If you’re one of the many Oregon residents having trouble keeping up with bills, you may be considering filing for bankruptcy. While personal bankruptcy can be invaluable in helping you get back on your feet, it is also a serious decision that should not be entered into lightly. At (The Law Office of Kim Covington, we understand that you may be feeling confused and hopeless at this point.
If medical bills, credit card payments and other bills are overwhelming you, Chapter 7 or Chapter 13 bankruptcy may be able to help. Before you file, however, you’ll want your attorney to answer several of the most common questions related to bankruptcy. These might include:
- How long a bankruptcy stays on your record—Generally, personal bankruptcy stays on your credit report for up to 10 years, although you will usually be able to obtain certain loans soon after bankruptcy to begin rebuilding your credit.
- What can’t be discharged in a bankruptcy—Certain taxes, federal student loans, child support or alimony, criminal restitution payments, debts resulting from fraud and some other types of debt cannot be discharged through bankruptcy.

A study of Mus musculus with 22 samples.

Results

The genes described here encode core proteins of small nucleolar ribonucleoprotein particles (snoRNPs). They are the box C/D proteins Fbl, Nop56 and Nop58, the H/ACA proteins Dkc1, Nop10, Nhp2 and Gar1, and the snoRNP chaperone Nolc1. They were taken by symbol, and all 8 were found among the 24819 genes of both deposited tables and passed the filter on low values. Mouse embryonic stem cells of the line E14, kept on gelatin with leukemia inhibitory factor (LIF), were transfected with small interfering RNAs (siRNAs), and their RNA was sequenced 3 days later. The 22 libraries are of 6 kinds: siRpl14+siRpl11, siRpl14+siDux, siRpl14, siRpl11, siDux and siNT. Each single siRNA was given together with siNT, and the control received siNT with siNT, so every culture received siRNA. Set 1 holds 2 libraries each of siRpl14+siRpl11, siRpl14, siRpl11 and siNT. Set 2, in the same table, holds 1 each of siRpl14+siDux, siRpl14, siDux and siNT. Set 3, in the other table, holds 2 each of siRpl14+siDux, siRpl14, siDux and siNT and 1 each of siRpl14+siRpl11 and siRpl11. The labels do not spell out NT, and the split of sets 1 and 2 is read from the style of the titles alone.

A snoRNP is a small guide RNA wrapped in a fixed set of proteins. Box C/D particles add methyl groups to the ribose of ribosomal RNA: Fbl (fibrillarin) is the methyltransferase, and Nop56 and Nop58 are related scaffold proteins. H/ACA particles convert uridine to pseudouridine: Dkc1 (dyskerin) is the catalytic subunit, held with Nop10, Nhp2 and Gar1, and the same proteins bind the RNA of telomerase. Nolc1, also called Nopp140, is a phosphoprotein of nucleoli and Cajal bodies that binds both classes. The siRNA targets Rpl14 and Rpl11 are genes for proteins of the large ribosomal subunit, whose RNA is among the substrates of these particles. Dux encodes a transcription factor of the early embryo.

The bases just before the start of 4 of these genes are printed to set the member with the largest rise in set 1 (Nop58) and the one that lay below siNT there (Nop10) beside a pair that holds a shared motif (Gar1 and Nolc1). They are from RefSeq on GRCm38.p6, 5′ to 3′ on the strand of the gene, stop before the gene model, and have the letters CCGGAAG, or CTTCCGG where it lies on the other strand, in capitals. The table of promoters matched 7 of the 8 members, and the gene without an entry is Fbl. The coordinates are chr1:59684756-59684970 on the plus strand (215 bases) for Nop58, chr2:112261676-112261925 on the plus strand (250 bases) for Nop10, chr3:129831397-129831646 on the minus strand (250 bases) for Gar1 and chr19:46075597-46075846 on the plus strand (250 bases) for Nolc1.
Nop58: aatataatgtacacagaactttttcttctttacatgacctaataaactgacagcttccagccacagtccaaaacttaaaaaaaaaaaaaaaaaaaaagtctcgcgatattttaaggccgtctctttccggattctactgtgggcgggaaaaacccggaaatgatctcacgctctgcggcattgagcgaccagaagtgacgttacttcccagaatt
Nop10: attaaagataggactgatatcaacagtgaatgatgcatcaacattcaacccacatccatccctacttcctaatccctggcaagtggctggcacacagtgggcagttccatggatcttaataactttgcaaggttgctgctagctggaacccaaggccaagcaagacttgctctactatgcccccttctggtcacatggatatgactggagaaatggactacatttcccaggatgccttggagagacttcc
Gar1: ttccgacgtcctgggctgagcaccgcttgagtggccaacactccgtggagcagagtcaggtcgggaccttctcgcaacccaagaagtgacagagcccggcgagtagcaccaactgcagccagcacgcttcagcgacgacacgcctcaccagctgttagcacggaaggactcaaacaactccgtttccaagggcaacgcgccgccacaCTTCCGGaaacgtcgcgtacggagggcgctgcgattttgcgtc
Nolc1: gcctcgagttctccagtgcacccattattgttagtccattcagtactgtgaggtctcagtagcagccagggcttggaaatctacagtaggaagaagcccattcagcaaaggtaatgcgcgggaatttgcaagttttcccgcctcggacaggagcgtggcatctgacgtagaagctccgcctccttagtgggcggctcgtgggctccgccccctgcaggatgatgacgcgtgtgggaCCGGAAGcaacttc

- Whether you can keep your house or your car—Depending on certain factors, including the equity in your home or vehicle, if you are current in your payments and the type of bankruptcy you are filing, you may be able to keep your house as well as your cars.
- How to tell if bankruptcy is right for you—If you are swimming in debt and unable to stay current on your bill payments, bankruptcy can be a viable option.
These are just a few of the questions people most commonly ask when considering bankruptcy. For more information, please visit our bankruptcy FAQ page.